Staffordshire Police said a CCTV trawl, forensics and witness accounts continue to be worked through as part of its inquiry.
Campaigners have taken direct action near the remains of the Crooked House pub, after staff and machinery from a specialist demolition and waste management firm moved on to the site.
A lorry owned by Putnam Construction Services was delayed by a sit-down protest on the lane leading to the now-demolished pub on Monday, more than two weeks after it was gutted by a suspected arson attack.
The burnt-out shell of the landmark pub, famed for its wonky walls and floors due to mining-related subsidence, was demolished within 48 hours of the blaze on Saturday August 5.
Workers at the site told reporters that work had begun to “clean” and store bricks at the site and assess any asbestos risk from rubble, which is now home to signs condemning the pub’s destruction.
In a statement, South Staffordshire Council said it was liaising with the contractor after workers moved on to the site in Himley, near Dudley, West Midlands.
A statement from the local authority on Monday read: “The council is aware of a contractor onsite and is engaging with the site owners and contractors to investigate what works are taking place.
“We are still currently ascertaining all the facts so cannot comment any further on this specific matter.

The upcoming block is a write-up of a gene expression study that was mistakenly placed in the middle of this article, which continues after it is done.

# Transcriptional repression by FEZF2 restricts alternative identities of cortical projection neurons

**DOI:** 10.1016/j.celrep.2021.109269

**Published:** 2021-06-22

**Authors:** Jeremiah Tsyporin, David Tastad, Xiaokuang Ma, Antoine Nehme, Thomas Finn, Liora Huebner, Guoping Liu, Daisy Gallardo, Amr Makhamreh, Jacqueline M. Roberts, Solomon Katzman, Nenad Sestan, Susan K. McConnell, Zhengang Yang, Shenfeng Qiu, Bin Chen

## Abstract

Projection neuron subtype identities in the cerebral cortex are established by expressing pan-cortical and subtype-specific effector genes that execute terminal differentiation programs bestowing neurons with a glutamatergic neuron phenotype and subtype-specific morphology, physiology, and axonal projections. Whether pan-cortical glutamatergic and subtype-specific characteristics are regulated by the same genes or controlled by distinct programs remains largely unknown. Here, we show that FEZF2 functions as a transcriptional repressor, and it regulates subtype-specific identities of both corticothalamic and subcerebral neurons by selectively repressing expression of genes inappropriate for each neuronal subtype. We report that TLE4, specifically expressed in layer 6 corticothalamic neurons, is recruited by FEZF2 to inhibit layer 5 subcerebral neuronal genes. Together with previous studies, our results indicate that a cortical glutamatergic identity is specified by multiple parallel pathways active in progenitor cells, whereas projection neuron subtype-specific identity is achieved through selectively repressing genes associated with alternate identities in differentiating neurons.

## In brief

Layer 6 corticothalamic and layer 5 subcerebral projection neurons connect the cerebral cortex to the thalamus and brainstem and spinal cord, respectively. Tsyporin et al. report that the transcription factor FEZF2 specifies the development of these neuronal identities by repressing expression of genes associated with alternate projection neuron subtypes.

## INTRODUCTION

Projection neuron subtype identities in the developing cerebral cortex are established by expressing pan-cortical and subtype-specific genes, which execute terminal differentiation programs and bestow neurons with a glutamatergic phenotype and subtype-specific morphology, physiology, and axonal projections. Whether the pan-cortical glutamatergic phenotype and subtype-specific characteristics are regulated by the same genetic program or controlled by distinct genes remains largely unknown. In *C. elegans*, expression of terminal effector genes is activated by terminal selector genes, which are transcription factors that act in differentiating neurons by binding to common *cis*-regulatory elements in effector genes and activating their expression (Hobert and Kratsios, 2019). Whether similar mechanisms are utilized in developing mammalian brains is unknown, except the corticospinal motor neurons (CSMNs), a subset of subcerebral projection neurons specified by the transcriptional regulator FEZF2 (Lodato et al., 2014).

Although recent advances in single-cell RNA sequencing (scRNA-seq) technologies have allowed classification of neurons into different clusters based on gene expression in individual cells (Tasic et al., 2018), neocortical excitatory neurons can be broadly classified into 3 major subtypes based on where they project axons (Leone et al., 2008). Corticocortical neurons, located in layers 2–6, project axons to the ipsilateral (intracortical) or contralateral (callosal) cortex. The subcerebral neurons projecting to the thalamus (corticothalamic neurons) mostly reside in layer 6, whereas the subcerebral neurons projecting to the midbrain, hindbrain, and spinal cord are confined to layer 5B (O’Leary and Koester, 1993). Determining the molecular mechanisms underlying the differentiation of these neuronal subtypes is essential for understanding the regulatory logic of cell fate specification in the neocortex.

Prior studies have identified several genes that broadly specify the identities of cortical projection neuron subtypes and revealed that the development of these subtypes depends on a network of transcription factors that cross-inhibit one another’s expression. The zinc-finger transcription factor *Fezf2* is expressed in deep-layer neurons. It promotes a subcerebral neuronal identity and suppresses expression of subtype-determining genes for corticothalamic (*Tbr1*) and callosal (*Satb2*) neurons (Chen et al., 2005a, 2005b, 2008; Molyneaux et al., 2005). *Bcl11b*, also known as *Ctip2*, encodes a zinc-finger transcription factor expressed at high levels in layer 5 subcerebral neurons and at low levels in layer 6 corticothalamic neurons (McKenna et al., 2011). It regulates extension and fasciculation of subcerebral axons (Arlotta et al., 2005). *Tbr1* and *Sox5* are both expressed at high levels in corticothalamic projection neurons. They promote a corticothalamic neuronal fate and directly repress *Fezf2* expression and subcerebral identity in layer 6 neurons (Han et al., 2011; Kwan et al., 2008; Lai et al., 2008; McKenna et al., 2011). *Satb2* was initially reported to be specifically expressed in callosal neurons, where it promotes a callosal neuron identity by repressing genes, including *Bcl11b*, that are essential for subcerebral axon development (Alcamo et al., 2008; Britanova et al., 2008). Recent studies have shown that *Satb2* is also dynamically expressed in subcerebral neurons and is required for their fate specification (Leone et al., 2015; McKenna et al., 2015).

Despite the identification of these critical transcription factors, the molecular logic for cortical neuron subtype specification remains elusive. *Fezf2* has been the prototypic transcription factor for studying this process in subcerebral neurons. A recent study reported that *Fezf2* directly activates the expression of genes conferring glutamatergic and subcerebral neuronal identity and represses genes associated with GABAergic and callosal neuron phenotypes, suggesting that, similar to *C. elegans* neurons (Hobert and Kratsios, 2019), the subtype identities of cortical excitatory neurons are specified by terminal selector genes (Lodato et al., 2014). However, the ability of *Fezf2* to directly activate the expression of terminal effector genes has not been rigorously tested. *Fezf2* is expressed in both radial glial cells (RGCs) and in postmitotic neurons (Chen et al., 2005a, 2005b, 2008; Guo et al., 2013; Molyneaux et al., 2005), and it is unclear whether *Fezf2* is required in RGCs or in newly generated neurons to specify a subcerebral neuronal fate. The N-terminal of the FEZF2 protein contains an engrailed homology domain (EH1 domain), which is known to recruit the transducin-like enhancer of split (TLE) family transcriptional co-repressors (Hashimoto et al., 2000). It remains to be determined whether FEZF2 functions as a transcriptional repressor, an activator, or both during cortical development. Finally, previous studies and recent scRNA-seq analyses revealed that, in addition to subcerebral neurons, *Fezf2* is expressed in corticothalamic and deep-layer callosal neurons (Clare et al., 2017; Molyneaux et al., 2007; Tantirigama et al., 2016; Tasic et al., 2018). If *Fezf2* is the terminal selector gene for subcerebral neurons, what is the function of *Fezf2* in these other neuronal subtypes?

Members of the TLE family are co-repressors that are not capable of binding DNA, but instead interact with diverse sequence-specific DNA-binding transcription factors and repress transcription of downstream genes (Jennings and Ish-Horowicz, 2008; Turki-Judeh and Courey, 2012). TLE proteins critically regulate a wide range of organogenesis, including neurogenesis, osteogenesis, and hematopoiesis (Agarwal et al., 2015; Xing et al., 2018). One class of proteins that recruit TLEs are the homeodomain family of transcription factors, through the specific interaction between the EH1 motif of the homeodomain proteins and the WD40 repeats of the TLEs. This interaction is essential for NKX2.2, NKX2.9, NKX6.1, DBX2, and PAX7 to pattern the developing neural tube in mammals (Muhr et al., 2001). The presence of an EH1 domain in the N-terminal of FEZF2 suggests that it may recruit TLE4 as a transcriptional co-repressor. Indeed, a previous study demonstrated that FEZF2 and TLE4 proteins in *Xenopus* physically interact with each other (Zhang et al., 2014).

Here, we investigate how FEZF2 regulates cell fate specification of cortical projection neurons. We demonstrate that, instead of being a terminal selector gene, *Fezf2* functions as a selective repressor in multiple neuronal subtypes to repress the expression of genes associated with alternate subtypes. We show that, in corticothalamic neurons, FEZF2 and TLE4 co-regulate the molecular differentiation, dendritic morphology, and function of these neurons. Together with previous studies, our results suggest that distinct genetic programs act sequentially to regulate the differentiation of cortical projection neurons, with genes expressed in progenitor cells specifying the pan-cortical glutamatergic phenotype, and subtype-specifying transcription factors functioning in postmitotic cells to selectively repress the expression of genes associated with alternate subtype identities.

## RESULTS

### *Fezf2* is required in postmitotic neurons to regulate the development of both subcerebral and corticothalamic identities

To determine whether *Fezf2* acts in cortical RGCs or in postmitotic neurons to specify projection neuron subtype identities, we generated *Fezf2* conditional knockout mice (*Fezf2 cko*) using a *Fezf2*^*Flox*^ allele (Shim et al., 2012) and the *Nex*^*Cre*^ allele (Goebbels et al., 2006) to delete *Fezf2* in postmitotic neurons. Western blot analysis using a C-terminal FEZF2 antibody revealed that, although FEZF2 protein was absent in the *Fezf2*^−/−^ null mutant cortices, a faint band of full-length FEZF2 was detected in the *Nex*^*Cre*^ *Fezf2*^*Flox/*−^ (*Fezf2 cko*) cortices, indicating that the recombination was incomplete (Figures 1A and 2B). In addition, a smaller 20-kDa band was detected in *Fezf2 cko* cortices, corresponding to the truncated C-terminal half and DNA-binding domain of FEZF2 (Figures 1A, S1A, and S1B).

“The council is still investigating the full incident and formalising next steps and we cannot comment on any element of the ongoing investigation, so that we do not potentially prejudice our enforcement action. We will provide updates on our website as soon as we are able.”
While more than a dozen campaigners demanded access to the lane leading to the rubble to witness the work taking place, two of the protesters sat in the path of a lorry and trailer exiting the site, and another vehicle attempting to enter Crooked House Lane.
Holding a protest banner, Jane Baker, from nearby Halesowen, said: “We’re doing this, and all the people who have arrived today, because we care very much about our heritage, our history and the Crooked House.
“She’s always stood there at the bottom of this lane. She means a lot to us all. What’s happened is wrong and we need to make a stand, all of us.”
Ms Baker, 59, a housewife added: “We just want her back where she was. It’s affected all of us, far and wide. We just want it rebuilt – by hook or by crook.
“We’re making a stand for a very iconic building. This is why we are sitting in the road.”
Dudley North MP Marco Longhi urged anyone with concerns about issues at the site to continue to report them to his office.
Mr Longhi said in a post on Facebook: “The council is a statutory body and it has the most significant influence on this matter at present.
“I am grateful to everybody for reporting what is happening as I do have a direct line of communication with South Staffordshire District Council and I have made sure they are informed of all occurrences as reported by locals.
“The council is fully aware of its statutory roles, and it is fully aware of the very high levels of interest locally, nationally and internationally. What I have observed so far is that it is very much on top of things and it is undertaking its statutory roles admirably.”
Staffordshire Police said it had received reports that a group of protesters had turned up at the site and officers were “in attendance as a precaution and to reassure the community”.
The force said: “We recognise the strength of local feeling following the loss of a significant cultural landmark.
“Our investigation is live and ongoing. A CCTV trawl, forensics and witness accounts continue to be worked through as we try to piece together the circumstances which led to the fire.”